Personal Bankruptcy: Chapter 13 Reorganization

What is Chapter 13?

Chapter 13 bankruptcy is known as personal reorganization.  In Chapter 13, a person pays off a portion of her debts on a three to five year payment plan.  However, unlike Chapter 7, debtors get to keep property which is non-exempt.  Debtors must have sufficient income to pay their living expenses and keep up with their payments under their plan; for this reason Chapter 13 is sometimes called “wage earner’s bankruptcy.”

Why File Chapter 13 Bankruptcy?

The biggest advantage to Chapter 13 bankruptcy is that it allows people to keep property which is not protected in Chapter 7.  Chapter 13 bankruptcy has these additional advantages.

  • It stops the foreclosure process.
  • It saves your home from foreclosure.
  • If you want to surrender your house, the mortgage will be treated like any other unsecured debt and paid off in reduced monthly payments over three to five years.  In other words, you will pay a fraction of the total costs, and pay for a much shorter time.
  • It allows you to make up missed mortgage payments over time.
  • It saves non-exempt property from seizure.
  • It stops sheriff’s sales.
  • It stops collection and harassment by creditors.
  • It stops repossessions.
  • It prevents utilities from shutting off service.
  • It allows you to obtain bankruptcy protection from your creditors even if you don’t qualify for Chapter 7.
  • It allows you to “strip off” and “cram down” some second mortgages.
  • Unlike Chapter 7, in Chapter 13 if you want to make some repayment, but don’t have the financial ability to pay creditors in full, you can.
  • Creditors cannot go after co-debtors provided you make payments under the  plan.
  • The waiting period after a prior bankruptcy is shorter than that for filing Chapter 7.
The Chapter 13 Process

You should first sit down with an experienced bankruptcy attorney to review your financial situation and determine whether Chapter 13 is right for you.  If so, your attorney will prepare a bankruptcy petition.  This lists all your assets and liabilities, income and expenses.  Everything in the petition needs to be documented (our bankruptcy attorneys will give you a list of what you need).  You will also need to take a credit counseling course not more than forty-five days after filing the petition, although we recommend you do so beforehand.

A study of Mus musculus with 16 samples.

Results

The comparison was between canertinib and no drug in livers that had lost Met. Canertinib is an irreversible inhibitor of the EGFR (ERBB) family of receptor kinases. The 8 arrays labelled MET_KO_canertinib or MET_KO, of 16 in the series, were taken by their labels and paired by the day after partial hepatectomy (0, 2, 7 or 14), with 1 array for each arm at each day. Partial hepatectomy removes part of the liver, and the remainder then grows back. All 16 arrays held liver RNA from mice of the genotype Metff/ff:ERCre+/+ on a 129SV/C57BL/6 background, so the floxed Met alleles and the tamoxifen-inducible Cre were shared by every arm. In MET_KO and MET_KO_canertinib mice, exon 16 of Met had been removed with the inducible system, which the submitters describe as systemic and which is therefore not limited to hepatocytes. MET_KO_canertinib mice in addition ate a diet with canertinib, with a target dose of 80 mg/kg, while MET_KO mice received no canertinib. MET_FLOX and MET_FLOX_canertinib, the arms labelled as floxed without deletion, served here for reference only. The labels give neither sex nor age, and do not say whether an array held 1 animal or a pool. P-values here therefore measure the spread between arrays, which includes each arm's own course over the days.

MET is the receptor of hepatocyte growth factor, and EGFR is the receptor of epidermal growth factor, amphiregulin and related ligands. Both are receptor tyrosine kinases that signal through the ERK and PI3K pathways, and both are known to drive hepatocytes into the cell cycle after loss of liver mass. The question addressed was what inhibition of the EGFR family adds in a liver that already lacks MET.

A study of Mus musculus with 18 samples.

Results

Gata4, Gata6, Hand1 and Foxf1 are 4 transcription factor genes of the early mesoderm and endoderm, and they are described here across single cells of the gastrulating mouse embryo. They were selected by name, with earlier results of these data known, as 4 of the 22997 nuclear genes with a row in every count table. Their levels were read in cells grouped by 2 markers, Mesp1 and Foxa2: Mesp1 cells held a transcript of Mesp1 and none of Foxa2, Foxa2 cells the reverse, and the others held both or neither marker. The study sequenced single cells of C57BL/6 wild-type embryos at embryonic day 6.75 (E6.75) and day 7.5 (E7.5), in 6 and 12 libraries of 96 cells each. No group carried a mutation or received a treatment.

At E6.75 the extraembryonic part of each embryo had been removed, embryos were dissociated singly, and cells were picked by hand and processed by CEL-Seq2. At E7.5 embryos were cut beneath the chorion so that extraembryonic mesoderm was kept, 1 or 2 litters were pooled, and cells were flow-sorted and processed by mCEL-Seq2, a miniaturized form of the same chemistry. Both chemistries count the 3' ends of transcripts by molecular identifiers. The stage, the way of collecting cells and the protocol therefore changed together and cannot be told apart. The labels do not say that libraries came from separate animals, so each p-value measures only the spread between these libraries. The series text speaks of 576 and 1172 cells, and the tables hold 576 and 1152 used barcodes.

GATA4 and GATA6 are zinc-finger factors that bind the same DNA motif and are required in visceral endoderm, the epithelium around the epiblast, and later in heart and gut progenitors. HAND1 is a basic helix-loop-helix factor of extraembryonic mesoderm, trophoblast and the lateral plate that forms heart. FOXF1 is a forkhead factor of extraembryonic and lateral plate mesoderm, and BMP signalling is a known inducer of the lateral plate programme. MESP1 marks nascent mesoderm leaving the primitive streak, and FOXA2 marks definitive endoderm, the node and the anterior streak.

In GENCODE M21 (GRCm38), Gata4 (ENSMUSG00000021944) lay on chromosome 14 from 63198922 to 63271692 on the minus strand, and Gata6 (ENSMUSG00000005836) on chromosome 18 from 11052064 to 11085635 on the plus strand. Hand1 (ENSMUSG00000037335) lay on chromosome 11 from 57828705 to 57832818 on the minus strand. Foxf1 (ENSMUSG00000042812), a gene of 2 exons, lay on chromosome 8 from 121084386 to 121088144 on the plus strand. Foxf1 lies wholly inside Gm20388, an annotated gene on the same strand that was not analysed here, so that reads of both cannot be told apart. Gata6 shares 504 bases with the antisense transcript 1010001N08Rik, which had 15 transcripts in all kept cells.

Once your bankruptcy petition is filed, the court imposes an “automatic stay.”  This means that your creditors must immediately stop harassing you – no more phone calls, suits or wage garnishments; the foreclosure process stops.  You must also file a Chapter 13 plan with your proposal on how you will repay a portion of your debts over three to five years.  You will need to immediately begin making monthly payments under your proposed plan.

The court appoints a New Jersey bankruptcy trustee. There will be two meetings with the trustee.  The first is a meeting of creditors where you will meet with the trustee, often for no more than five minutes, to answer some general questions about your financial situation.  The second meeting is a confirmation hearing to review and approve your plan.  

After the plan is approved, you will make the reduced payments called for by the plan to the trustee, who will distribute them to your creditors.  After you have successfully completed the plan, your debts will be discharged, even though you will probably have paid far less than what you originally owed.

What Chapter 13 Bankruptcy Can’t Do

Unlike Chapter 7 liquidation, Chapter 13 doesn’t eliminate all your debts.  You must repay a portion of your debts over the course of the three to five year plan.  However, this is usually a fraction of your total debts, and repayment is offset by the fact that you can keep homes and cars even if you have significant equity in them.

The Chapter 13 Bankruptcy Discharge

Chapter 13 discharges are complex. While many debts are discharged, some are not; for instance, if you keep your home, your credit card will be discharged, but your mortgage will not.  Creditors paid off under the plan, even if they are paid just a small fraction of what was owed, cannot pursue further payment. Just like in Chapter 7, some debts cannot be discharged, including student loans, debts incurred by fraud, child support, damages for personal injury or death caused by drunk driving, debts not listed on your bankruptcy petition and damages for assault.

In some cases you can get a Chapter 13 hardship discharge even if you couldn’t make all the plan payments if the failure was due to circumstances beyond your control, your creditors received at least as much as they would have if you had filed Chapter 7, and it is impossible to modify the plan.  A good example of a “hardship” is illness or injury which prevents you from working.

Some people can’t file Chapter 13.  For instance, if an individual has more than the debt limits of Chapter 13 (more than $360,475 in unsecured debts, and $1,081,400 for in secured debts), they cannot file.  However even in this case Chapter 11 is an option.

McLaughlin & Nardi, LLC’s lawyers Can Help our New Jersey bankruptcy attorneys have considerable experienced helping people struggling with debt.  We can help you get debt under control and begin a solid financial future. Please call one of our experienced bankruptcy attorneys at  (973) 890-0004 or e-mail us to obtain assistance.